It’s time to learn how to make cold brew in a French press. But first, let’s take a look at what cold brew is, and why the French press is the perfect tool for making it.
What Is Cold Brew Coffee?
Cold brew is coffee made using room temperature (or colder) water to extract the coffee grounds. It’s a very hands-off brewing method, but it takes 12+ hours to complete. The result is a coffee concentrate that is typically diluted to match the strength of drip coffee.
Cold brew is not the same as iced coffee. Iced coffee is made by brewing coffee hot and adding ice to cool it down. On the other hand, hot water is never used during the cold-brewing process. Since it’s already chilled, cold brew can be iced without diluting the flavor, a huge plus over iced coffee.
What’s So Great About Cold Brew?
Coffee lovers tend to stick around for the unique flavor of cold brew. Compared to hot coffee or iced coffee, cold brew is smoother and more mellow. The flavor tends to be chocolatey, nutty, or earthy, without some of the fruity or floral notes you might find in hot-brewed coffee.
Cold brew is a low-acidity coffee. That makes it great for coffee drinkers with stomach issues, acid reflux, or a variety of other health issues. Just make sure to dilute the coffee sufficiently, as the concentrate’s higher caffeine content can be a stomach irritant.
Why Make Cold Brew Coffee in a French Press?
It’s convenient! You can make cold brew in a mason jar or pitcher, but why not use a French press if you already own one? The plunger also allows for easy filtering of your cold brew coffee. A cold brew pitcher is still the easiest way to make your own cold brew, but a French press is the next best thing.
Choosing Beans for French Press Cold Brew
Choosing the best coffee for cold brew is all about balancing the unique impact of cold brewing. Cold-brewed coffee is very mellow, so you’ll probably want something extra flavorful. On the other hand, some people prefer to lean into the mellowness, and there is nothing wrong with that.
Colombian coffee beans are especially popular for cold brew, so that’s probably a good place to start. Sumatran coffees are also an excellent choice, as they tend to have the kind of earthy, nutty flavors that can really shine in cold brew.
If you buy pre-ground coffee beans, you should buy ones specifically labeled as coarsely-ground coffee, cold brew grind, or French press grind. Standard drip coffee grinds or espresso grinds will be too finely ground to make cold brew with. I do recommend that you grind your own coffee beans, though, as whole bean coffee is fresher and available in more varieties.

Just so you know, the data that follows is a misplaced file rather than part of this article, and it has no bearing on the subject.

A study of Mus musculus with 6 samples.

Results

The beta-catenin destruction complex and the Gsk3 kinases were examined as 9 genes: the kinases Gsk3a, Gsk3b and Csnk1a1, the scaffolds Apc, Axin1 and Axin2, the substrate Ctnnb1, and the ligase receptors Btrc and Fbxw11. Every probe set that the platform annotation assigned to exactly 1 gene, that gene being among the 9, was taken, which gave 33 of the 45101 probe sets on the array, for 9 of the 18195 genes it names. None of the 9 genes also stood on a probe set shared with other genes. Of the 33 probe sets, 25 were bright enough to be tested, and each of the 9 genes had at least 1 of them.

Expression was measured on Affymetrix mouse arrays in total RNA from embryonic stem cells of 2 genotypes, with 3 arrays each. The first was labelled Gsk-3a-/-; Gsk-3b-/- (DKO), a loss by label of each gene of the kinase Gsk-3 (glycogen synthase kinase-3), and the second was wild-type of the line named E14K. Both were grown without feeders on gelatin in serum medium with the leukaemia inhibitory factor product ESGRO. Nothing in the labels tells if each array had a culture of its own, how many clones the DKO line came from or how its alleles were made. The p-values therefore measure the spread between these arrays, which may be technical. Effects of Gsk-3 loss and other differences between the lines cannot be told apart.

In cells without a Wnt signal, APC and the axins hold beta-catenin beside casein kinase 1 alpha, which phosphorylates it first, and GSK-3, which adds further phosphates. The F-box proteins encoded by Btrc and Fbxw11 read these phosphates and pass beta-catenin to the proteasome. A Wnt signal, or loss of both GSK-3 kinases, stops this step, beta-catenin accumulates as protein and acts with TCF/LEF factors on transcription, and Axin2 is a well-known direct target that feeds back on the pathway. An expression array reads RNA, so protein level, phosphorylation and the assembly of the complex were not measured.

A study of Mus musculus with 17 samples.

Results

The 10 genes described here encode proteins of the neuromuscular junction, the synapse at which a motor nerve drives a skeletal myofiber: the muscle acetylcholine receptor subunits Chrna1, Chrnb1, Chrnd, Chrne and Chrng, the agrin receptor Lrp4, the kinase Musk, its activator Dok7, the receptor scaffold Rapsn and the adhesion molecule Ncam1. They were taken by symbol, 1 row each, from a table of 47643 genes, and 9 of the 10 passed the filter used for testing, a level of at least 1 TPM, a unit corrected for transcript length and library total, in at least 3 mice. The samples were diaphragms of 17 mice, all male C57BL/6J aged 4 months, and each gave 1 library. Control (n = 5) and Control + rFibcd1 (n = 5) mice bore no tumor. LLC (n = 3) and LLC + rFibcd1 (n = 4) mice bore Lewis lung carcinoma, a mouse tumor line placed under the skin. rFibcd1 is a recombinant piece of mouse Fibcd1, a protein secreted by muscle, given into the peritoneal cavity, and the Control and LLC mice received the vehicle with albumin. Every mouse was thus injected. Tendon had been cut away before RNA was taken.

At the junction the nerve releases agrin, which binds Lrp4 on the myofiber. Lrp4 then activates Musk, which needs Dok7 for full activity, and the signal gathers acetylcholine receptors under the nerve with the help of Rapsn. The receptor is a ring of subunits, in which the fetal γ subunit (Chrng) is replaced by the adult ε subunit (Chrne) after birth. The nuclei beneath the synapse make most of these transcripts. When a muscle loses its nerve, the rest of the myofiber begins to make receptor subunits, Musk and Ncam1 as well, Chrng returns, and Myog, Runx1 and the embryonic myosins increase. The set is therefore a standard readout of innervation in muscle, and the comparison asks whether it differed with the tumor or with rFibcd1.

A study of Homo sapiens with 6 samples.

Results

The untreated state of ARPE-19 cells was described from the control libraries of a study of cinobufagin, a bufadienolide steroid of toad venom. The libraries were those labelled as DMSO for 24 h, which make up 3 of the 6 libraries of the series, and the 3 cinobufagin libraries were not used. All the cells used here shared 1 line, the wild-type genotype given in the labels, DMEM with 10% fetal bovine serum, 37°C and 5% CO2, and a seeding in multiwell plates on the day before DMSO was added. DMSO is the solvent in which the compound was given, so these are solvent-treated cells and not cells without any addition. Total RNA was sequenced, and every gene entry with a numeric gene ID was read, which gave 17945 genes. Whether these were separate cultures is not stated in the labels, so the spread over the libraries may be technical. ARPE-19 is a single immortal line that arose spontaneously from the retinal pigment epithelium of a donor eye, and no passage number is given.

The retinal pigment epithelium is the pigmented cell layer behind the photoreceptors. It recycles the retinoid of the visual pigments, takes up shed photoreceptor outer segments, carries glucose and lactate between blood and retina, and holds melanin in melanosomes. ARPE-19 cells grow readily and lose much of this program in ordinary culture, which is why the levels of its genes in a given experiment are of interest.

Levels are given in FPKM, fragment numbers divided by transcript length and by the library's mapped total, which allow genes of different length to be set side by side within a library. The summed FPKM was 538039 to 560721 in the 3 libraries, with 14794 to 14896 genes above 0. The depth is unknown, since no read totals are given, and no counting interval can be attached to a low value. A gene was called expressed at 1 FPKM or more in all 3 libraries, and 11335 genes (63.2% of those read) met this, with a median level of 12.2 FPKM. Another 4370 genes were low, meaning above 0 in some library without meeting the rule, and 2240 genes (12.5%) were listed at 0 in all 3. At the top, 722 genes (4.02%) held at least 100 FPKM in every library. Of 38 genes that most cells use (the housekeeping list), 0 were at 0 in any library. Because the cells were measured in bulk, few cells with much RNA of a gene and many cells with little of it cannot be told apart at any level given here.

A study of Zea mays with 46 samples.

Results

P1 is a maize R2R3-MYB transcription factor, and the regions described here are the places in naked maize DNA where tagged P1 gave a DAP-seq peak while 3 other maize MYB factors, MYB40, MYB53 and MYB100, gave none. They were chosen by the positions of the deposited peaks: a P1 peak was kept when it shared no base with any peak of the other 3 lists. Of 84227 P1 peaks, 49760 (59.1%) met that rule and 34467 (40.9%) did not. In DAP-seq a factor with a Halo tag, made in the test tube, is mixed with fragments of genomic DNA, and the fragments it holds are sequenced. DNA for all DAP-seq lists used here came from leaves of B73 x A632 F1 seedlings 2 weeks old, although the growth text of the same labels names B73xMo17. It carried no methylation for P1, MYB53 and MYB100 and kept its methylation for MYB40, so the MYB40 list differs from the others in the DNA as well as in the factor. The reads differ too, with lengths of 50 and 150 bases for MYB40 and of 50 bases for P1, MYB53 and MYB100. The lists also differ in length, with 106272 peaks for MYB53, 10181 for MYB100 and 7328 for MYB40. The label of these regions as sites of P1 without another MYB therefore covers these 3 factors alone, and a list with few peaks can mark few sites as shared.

How Long Does French Press Cold Brew Last?
Once you dilute your cold brew, it will have the same lifespan as regular coffee. Hot-brewed or diluted cold brew coffee goes bad after a couple of hours on the counter or a couple of days in the fridge.
If you keep your cold brew as a concentrate, you can safely store it for up to two weeks in the refrigerator. However, the flavor will degrade after the first several days. Still, that’s 2–4 times as long as regular coffee can survive.
French Press Cold Brew Recipe
What you’ll need
- 1 and 1/4 cups coffee beans or coarse-ground coffee.
- 3 cups water (filtered). It doesn’t have to be filtered, but tap water often has impurities that can impact the flavor of the coffee. You can use either cold water or room-temperature water.
- Extra filtered water to dilute
- A coffee grinder. Only if you are using whole bean coffee.
- A French press coffee maker.
We’re using a coffee-to-water ratio of 1:7. If you want to adjust that for stronger or weaker coffee, I’ve put some common defaults for cold brew in my coffee-to-water ratio calculator.
- Grind your coffee beans (If using whole bean coffee). You want grinds that are about the size of ground peppercorn. That should be a coarse or extra-coarse setting on your coffee grinder. If you only have a blade grinder or if your grinder doesn’t have a coarse grind setting, you should either switch to pre-ground coffee or get a French press coffee grinder.
- Add the grounds. Pour the grounds into the bottom of your French press.
- Pour the water. Gently add water to the grounds.
- Stir the coffee. With a long spoon, mix the water and grounds until all of the grounds are immersed and no clumps remain at the bottom.
- Let the coffee brew. Cover your French press, but don’t press the plunger down. Set the French press aside for at least 12 hours (24 hours is better) to let the coffee steep. You can do this at room temperature or in your refrigerator. If using the refrigerator (which I do suggest), definitely let the coffee brew for the full 24 hours.
- Filter the grounds. Press the plunger all the way down to strain away the grounds. You can then pour the filtered cold brew into another mug. Some French press filters still leave residue (especially if you aren’t using extra-coarse grounds), so you may prefer to pour the concentrate through a regular coffee filter to eliminate any remaining grounds.
- Dilute your coffee. Your cold brew concentrate is ready, but you’ll likely want to dilute it before drinking. Start with a 1:1 concentrate-to-water ratio, but feel free to dilute it further if the flavor is too strong or if it gives you too much of a buzz. A 1:2 or even 1:3 ratio is about right for the average cold brew coffee drinker.
- Enjoy! Drink your cold-brewed cup of coffee as-is, with ice, or even heated.
The Coolest Use for a French Press
French presses have been around a long time, but there is always a new way to enjoy them. French press cold brew and French press espresso are two of my favorites, but there are literally hundreds of other French press recipes you should check out.
Looking for the next step? You can take your newfound French press cold brew skills and use them to make nitro cold brew at home. There’s nothing cooler than showing your friends that you’ve recreated their favorite over-priced coffee shop drink.